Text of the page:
On Saturday 10th March 2018 Manchester United beat Liverpool 2-1 in what has historically been considered to be the number one match in the Premier League. Liverpool dominated English football in the 1970s and 1980s and Manchester United did so in the next two decades. Former Liverpool defender Jamie Carragher, now a Sky Sports Pundit, was filmed spitting at fans who drove by while tormenting him about Liverpool’s loss.
What he did:
The obvious thing is that he should have ignored them.
Defending the Undefendable.
Jamie Carragher was wrong. To spit at anybody under any circumstances is a social taboo and out of order. It is black and white and his offense even more obscene because he is a role model and public figure. In the mind of many what makes it even worse was there was a 14 year old girl in the other car who was not even involved in what some have termed banter.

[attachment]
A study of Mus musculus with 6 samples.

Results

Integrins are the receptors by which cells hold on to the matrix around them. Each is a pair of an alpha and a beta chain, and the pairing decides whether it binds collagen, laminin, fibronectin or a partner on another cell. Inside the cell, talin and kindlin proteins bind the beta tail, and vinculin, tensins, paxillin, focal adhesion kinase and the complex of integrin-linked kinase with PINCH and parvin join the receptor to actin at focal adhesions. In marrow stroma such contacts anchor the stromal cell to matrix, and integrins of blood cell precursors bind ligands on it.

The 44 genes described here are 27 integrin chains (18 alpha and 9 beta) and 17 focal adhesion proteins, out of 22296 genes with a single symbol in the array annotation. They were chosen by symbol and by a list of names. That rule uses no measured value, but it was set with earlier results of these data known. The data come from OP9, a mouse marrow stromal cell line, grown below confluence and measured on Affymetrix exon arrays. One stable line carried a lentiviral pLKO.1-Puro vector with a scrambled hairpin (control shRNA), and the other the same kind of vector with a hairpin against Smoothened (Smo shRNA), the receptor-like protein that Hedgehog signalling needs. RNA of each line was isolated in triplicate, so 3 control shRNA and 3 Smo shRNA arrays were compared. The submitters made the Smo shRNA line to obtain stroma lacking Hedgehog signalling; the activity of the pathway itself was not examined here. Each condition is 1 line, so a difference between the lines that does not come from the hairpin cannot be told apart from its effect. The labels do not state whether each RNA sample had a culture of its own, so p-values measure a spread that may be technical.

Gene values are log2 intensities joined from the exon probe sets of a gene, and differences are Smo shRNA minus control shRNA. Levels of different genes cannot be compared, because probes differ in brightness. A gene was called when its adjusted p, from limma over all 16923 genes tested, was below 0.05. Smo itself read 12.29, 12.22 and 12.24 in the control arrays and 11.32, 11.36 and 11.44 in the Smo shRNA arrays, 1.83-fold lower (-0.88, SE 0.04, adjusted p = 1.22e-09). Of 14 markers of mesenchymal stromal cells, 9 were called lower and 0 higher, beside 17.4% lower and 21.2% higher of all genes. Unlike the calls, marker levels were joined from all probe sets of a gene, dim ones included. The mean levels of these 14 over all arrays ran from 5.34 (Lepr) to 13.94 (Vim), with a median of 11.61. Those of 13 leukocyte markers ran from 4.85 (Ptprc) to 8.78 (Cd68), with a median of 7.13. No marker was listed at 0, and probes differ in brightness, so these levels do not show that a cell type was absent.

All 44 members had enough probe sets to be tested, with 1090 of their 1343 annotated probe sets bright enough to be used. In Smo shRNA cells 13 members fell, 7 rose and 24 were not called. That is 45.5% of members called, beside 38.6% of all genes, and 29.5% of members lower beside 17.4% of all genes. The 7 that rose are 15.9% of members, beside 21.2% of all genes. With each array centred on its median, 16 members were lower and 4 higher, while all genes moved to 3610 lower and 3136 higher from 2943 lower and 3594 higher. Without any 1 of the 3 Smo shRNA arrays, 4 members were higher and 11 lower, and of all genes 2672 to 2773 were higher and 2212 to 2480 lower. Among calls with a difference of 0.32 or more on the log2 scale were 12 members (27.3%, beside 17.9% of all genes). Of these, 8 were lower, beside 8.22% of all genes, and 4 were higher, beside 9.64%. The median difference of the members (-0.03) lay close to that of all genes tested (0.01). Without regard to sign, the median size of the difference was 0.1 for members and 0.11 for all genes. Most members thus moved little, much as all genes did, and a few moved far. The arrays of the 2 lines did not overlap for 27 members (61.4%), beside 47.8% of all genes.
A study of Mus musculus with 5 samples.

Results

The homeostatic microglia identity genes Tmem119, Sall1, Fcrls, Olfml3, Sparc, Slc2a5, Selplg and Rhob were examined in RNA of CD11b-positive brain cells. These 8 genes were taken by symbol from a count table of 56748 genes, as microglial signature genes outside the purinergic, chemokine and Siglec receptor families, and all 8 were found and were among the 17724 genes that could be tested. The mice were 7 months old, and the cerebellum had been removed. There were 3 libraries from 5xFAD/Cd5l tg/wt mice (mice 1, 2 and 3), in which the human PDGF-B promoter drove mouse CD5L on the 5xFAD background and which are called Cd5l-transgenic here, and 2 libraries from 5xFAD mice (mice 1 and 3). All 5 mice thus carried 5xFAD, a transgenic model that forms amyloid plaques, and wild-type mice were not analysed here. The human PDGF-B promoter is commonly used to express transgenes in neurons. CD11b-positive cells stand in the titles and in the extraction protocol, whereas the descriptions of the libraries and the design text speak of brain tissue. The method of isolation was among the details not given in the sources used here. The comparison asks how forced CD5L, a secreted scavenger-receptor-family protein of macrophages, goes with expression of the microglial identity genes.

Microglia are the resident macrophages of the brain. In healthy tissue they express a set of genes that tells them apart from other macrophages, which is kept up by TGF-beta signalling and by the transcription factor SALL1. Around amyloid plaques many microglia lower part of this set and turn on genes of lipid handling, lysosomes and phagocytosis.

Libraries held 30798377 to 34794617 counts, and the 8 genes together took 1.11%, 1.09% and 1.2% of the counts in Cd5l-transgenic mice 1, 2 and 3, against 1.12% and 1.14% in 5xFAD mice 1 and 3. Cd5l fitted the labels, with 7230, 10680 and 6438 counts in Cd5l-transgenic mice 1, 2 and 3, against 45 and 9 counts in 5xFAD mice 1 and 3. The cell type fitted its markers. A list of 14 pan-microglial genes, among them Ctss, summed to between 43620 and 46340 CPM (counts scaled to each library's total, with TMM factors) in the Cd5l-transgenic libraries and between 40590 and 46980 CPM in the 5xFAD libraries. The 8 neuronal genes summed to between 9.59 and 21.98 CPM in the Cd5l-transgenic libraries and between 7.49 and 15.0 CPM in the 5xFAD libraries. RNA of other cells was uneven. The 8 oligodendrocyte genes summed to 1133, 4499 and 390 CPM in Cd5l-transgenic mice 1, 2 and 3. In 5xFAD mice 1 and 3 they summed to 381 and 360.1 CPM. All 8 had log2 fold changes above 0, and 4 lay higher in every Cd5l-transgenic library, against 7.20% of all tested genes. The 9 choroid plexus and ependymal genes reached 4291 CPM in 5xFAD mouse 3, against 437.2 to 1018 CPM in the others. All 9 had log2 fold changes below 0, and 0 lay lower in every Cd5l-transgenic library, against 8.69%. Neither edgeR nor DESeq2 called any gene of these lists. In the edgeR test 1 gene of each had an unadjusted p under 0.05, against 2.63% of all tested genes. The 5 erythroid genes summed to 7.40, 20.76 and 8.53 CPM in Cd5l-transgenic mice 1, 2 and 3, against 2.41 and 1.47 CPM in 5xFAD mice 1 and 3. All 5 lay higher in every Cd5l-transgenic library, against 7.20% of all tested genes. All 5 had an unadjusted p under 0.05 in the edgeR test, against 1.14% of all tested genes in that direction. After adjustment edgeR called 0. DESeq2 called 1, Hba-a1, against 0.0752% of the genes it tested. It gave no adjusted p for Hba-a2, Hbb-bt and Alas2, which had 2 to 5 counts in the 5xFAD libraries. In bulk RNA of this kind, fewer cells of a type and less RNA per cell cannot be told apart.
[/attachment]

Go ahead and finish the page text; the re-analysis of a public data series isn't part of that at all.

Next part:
So why am I ready to defend him?
The following day he appeared in a prolonged interview (reproduced below) in which he apologised totally unconditionally. He described his actions as 5 seconds of madness and continually apologised. When asked about the 14 year old girl he again said sorry with the glint of a tear in his eye. He is not an actor and I do not recall him being interviewed particularly often post match. The interviewer – quite rightly gave him a hard time and pushed him as hard as she could by invoking the example he had set to his own family, and the fans as well as those who he directly spat at. When asked if he should keep his job he simply said that he couldnt comment on it one way or the other because anything he said could be perceived as an excuse or attempt to reason his unacceptable behaviour. This was something he refused to do. His five seconds of madness were replaced by immediate regret and remorse and a preparedness to face the music.
What he said afterwards
I am not particularly a Liverpool fan nor was I a fan of Jamie Carragher as a player, but the way he has held his hands up speaks volumes about his integrity. Integrity is not about being perfect, but it is about taking responsibility and being willing to face the consequences.
Personally I really hope he keeps his job because ironically his example stands as a shining light to politicians and business leaders who have no shame.
Finally, we are all flawed so let he without sin cast the first stone.